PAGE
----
Humanity's last best hope for an epic TV show, all alone in the realm of reruns.

TNT

In the world of science fiction television, Babylon 5 stands by itself. On its surface it may appear to be just another cheesy, low-budget relic of the 1990s sci-fi landscape, but a closer examination reveals a much more complex, intriguing premise.

Babylon 5 was set during "the Third Age of Man", roughly 10 years after the end of Earth's war with the Minbari. The goal of the station was to act as a neutral site for humans and aliens to come together and work out their problems without resorting to violence or war. Although a war came despite everyone's best efforts, the fearless officers of Babylon 5 paved the way for a brighter future for the entire galaxy, albeit one that came with a high price.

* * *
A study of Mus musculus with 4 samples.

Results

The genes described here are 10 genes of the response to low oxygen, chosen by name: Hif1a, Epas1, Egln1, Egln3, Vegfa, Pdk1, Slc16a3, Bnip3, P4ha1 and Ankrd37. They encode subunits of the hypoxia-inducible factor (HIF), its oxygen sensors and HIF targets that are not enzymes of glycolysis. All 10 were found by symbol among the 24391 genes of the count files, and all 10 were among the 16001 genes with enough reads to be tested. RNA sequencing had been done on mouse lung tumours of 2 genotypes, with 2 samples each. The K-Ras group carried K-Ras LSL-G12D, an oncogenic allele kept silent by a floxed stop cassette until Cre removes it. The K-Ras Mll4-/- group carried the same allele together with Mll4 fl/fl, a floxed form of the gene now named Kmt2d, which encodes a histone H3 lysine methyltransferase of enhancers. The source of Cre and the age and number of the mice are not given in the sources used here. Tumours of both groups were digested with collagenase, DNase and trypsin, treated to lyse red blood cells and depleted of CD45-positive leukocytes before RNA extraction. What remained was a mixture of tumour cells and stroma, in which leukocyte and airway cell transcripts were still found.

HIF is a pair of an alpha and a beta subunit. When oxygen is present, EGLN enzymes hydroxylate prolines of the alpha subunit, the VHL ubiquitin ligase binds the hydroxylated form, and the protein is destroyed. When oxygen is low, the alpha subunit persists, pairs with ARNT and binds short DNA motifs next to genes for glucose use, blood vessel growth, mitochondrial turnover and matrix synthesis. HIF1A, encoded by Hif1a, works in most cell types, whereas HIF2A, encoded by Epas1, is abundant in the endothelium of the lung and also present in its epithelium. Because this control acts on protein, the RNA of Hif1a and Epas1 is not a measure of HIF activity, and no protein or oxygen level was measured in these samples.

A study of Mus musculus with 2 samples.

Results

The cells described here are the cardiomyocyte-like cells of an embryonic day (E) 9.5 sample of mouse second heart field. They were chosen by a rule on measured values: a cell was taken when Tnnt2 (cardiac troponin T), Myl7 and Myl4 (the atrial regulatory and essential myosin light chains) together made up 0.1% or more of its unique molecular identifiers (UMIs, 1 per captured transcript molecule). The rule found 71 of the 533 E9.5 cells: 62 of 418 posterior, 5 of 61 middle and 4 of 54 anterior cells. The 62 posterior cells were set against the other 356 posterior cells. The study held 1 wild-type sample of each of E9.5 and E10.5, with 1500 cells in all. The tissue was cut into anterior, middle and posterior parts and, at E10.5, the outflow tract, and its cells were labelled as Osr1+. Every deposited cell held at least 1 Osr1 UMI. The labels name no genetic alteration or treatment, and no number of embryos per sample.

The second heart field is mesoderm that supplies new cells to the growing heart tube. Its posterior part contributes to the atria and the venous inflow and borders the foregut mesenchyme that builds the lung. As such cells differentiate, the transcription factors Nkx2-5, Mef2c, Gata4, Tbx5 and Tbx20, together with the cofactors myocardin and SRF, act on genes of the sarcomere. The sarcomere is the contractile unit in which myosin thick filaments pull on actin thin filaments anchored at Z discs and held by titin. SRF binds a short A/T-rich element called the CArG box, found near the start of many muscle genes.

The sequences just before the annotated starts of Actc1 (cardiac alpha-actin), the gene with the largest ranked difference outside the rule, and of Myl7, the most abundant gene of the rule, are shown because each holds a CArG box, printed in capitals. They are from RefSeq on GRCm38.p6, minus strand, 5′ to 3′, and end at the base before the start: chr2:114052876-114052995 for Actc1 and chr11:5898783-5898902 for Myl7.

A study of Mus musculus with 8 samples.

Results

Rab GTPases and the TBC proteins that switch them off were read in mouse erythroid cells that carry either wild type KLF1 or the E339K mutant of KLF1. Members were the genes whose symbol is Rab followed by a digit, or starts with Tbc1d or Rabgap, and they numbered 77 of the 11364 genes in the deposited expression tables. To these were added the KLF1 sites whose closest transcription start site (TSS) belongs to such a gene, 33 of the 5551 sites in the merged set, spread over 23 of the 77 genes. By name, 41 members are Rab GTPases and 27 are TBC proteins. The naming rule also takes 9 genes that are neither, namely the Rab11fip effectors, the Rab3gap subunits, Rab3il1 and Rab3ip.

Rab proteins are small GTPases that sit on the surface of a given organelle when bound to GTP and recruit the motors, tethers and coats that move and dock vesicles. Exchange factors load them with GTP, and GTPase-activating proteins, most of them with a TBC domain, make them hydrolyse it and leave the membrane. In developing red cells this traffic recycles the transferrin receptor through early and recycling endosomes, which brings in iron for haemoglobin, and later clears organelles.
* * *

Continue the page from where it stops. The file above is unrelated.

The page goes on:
Despite the gripping plot and compelling characters, Babylon 5 remains relatively unknown. But there is no mistaking the impact it left on the TV landscape. Many modern shows owe their success to Babylon 5 and the changes it brought to how stories were told on the television.


Warner Brothers

Nowadays, it is quite common the cast and crew of TV shows to interact with the audience through various social media platforms. But in the days before Facebook, Twitter, and Instagram, interacting with audiences required a bit more skill. Fortunately for Babylon 5, its creator, J. Michael Straczynski, frequently logged in to different online forums, and he used these forums to help promote the show.

Participating in online forums made it easy to interact with viewers, answering questions and taking comments. Straczynski would also drop teasers about what to expect in next week's episode, fueling anticipation and encouraging even more people to tune in. Babylon 5 was one of the first shows to interact with its audience in this manner.